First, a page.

John Hostetler's Little House

This little house has stood the test of time for 198 years. In 1998, a tornado whipped through Southeastern PA and destroyed many houses and barns. The little house was shifted on its foundation, and the roof blown away. It was then dismantled and stored in a barn on the Hochstetler homestead.

John’s Little House has since been reconstructed at Spruce Forest. The timbers and planks come from the original house, and the foundation is made with field stones collected from the Hochstetler farm.

The house is a simple, utilitarian 1-1/2 story building, 16 feet wide by 22 feet deep, and is of a post and beam construction. The first floor is one large room, the second floor a bedroom. Built in 1800 as a retirement retreat for his younger wife and himself, John Hochstetler specified that this “little house” should be filled with provisions and his wife allowed to live there after his death.

John Hochstetler grew up in what is now Berks County, PA. Having lost all but two siblings to Indian attacks in 1784, Hochstetler moved his young family to what is now Springs, PA. He was the first white settler in the area, and he was able, through peaceful ways taught by his faith, to make friends with Indians and build his community along side theirs.

The Hochstetler family’s history is the story of the Amish migration to the United States. In 1693, the Swiss government installed a mandatory military service. The Amish refused to serve on the grounds that their religion forbade it. The Swiss government, then, forced the Amish to leave the country. The Hochstetlers and other Amish families migrated to the new commonwealth of Pennsylvania, settling in the eastern part of the state. After suffering attacks by Indians and hearing tales of a fertile land farther west, some Amish families moved to the Alleghenies to establish peaceful farming communities.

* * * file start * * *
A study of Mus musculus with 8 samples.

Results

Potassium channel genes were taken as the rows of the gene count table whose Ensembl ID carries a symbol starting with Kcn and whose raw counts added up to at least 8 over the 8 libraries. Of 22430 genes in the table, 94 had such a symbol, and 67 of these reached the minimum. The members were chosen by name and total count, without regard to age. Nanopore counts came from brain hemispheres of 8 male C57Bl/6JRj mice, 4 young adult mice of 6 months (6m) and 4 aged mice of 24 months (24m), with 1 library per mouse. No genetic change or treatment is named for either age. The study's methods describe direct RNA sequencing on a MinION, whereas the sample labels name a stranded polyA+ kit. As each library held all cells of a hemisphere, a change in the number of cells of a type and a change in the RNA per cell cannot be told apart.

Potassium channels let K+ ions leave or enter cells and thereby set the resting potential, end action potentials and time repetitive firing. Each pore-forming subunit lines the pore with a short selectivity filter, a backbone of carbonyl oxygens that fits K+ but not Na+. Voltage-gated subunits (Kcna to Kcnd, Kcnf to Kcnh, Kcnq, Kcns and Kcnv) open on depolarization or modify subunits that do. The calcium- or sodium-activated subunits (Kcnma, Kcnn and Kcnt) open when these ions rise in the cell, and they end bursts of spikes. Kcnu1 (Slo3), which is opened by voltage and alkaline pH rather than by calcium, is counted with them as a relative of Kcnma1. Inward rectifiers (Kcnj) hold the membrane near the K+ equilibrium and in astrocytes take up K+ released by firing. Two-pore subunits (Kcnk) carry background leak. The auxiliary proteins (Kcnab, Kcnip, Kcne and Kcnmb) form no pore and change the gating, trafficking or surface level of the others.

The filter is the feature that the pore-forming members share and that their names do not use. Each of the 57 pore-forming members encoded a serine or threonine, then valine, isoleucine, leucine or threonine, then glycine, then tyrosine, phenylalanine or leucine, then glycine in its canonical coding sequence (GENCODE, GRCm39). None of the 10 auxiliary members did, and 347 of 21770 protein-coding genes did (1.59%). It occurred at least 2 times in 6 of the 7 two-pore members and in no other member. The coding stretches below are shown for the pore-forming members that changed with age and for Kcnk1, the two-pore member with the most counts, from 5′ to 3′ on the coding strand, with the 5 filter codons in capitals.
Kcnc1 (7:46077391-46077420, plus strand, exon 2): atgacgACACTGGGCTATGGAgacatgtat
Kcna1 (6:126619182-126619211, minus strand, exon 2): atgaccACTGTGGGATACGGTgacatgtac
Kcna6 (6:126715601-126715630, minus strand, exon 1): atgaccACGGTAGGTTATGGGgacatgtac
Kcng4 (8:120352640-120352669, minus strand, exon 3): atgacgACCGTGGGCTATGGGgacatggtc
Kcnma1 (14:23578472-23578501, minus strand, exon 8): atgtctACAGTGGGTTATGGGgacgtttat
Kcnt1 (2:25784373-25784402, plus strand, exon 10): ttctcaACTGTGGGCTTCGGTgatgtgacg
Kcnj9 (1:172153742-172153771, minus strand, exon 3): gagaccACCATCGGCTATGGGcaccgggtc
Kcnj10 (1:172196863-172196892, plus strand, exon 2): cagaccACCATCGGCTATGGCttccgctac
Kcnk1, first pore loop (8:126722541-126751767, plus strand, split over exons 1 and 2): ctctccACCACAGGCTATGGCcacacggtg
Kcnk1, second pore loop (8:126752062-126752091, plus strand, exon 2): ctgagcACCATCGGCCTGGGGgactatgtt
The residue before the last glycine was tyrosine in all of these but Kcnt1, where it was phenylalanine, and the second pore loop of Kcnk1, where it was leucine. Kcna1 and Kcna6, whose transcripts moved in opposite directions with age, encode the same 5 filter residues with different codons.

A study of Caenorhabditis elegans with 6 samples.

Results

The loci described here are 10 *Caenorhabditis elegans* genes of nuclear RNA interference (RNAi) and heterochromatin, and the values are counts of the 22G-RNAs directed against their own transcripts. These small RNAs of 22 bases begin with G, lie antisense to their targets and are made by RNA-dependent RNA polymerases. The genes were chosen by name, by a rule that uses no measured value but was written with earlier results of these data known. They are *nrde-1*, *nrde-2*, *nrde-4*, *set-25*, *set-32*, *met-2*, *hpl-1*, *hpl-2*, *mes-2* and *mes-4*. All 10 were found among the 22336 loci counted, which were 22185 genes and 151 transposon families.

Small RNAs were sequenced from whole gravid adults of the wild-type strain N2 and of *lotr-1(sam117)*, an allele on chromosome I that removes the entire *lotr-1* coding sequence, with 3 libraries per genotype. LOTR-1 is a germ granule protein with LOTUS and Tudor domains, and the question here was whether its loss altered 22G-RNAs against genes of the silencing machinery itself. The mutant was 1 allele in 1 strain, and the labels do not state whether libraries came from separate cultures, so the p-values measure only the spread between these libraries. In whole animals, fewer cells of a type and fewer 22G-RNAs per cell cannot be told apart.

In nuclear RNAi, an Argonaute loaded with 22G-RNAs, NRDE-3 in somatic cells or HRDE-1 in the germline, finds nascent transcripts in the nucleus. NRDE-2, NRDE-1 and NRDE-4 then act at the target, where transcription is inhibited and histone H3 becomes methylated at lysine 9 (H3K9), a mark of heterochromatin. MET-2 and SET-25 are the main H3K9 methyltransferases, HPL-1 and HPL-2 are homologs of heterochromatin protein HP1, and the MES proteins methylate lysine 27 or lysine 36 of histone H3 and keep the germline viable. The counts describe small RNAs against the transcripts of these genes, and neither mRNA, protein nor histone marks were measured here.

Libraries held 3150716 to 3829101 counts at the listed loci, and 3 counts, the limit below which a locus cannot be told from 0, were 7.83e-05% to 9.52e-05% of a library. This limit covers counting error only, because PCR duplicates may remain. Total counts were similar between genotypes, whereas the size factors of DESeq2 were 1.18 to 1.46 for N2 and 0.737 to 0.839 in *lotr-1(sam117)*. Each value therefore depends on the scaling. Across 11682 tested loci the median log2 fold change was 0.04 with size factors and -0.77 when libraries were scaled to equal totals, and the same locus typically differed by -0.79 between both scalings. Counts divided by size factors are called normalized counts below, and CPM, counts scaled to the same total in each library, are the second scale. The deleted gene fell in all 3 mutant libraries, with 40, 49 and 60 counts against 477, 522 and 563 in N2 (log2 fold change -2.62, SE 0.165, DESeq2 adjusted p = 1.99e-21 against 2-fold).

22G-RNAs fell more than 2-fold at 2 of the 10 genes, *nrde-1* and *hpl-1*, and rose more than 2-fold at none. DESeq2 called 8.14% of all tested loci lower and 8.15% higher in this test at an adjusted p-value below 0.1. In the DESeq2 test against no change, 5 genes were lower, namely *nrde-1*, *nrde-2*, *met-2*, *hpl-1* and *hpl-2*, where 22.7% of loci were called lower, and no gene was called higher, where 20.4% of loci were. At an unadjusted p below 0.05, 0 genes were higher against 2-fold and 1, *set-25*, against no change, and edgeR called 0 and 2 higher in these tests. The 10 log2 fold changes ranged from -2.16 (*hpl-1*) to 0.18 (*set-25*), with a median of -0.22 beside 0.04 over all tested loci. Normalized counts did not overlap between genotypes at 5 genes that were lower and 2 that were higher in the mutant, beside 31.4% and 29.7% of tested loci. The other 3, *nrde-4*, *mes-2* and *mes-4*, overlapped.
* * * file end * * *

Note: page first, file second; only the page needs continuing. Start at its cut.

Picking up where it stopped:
The Hostetler House now displays artifacts and the family story of the Hostetlers as well as other Village information. Throughout the summer months the Hostetler house is used as a guest artist studio, as which it has hosted a quiller, basket weaver, and other fine crafts people and artisans over the years.